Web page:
The majority of economists in a Reuters poll believe that Britain's unemployment rate will hit 7% within the coming months, well ahead of the Bank of England's schedule.
According to the poll of over 50 economists, Britain's current unemployment rate of 7.1% will steadily fall in the coming months and reach Mark Carney's pledged rate for considering interest rate rises of 7% early next year.
Some 35 out of 50 economists polled by Reuters said they do not think the Monetary Policy Committee would lower the jobless threshold.
Those that thought it would be altered plumped for a reajustment to 6.5%.
The results suggest that traders and investors in financial markets may have been premature in pricing in a rate rise as soon as the end of this year.
Paul Fisher, a member of the Bank's Monetary Policy Committee, said: "Even if the 7% unemployment rate threshold were to be reached in the near future, I see no immediate need for a tightening of policy.
With inflation back at the Bank of England's target rate of 2%, and UK economic output still below its pre-2008 peak, Fisher said that "we are still some way off the point where it is appropriate to start raising bank rate and that when it is time, it would be appropriate to do so only gradually."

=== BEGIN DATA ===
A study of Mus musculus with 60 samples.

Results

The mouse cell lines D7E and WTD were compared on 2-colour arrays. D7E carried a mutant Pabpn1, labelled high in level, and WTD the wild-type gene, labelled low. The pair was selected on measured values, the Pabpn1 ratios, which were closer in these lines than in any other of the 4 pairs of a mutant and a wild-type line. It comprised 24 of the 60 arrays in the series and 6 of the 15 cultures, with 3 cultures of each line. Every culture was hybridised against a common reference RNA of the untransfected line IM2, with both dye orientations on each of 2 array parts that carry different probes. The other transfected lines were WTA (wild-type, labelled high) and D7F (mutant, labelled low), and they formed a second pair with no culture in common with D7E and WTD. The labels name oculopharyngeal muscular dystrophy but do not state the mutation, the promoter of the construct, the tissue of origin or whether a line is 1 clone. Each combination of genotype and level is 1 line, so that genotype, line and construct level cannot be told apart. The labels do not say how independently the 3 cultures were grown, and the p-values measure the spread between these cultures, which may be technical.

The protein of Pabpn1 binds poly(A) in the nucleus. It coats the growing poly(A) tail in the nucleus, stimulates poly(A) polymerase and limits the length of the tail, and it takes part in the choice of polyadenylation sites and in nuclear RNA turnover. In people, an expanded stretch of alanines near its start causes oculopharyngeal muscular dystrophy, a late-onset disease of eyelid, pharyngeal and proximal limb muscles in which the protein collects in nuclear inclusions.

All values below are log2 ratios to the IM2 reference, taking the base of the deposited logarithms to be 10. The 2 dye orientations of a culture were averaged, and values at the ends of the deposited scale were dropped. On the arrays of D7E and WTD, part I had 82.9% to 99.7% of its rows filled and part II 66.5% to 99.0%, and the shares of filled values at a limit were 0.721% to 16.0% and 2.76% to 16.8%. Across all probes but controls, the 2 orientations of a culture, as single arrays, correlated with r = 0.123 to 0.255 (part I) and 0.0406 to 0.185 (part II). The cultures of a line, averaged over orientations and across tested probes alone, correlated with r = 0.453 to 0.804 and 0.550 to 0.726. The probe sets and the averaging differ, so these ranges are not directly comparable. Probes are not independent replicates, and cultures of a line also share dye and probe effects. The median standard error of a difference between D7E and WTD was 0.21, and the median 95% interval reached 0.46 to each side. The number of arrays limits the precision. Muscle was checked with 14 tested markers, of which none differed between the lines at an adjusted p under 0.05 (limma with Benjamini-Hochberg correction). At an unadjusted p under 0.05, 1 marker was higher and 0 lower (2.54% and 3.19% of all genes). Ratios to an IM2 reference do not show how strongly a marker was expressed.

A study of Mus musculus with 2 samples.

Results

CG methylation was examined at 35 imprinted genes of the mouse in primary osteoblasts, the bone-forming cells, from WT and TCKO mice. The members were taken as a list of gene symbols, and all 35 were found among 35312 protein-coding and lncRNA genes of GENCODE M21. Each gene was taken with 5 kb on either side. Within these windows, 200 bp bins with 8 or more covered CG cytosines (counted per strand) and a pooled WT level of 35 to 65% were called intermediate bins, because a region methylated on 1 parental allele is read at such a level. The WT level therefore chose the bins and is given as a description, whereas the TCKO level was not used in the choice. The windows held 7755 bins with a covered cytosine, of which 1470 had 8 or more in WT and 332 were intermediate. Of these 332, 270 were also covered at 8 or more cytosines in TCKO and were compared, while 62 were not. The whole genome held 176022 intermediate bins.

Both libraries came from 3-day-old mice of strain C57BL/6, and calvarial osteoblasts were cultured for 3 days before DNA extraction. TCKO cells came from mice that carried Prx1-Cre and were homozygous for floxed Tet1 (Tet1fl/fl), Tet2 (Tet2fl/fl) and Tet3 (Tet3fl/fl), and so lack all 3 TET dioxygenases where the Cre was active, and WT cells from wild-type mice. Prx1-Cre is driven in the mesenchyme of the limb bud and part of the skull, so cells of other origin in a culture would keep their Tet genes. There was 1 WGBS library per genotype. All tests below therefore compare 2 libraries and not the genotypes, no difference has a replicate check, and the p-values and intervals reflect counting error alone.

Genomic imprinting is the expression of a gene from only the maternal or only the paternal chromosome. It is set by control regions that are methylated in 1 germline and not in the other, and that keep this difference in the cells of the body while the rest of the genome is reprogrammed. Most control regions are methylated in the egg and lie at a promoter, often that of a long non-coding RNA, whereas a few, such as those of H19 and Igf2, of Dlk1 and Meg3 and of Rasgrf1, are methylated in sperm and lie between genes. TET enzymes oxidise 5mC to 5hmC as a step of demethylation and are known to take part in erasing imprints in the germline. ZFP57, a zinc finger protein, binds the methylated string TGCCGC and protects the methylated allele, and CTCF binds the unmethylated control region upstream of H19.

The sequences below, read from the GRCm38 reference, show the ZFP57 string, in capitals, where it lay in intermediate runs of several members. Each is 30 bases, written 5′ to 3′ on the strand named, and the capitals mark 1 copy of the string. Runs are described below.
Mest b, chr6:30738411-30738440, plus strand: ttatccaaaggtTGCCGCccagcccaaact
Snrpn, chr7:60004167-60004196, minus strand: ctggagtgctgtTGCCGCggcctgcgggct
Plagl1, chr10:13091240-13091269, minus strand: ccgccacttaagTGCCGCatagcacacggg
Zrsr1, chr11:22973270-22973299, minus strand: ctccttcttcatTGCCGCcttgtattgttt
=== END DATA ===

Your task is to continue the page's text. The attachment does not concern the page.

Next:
According to the Bank of England's minutes from its January meeting of the monetary policy committee (MPC), prudence was a recommended strategy.
"The relative success of the long-term unemployed in finding jobs suggested that labour market slack might not have been eroded as much as the fall in the headline unemployment rate appeared to imply," said the MPC.
"The Committee noted that while the recovery was becoming more firmly entrenched, productivity growth had been disappointing, and unemployment had fallen faster than expected," it said.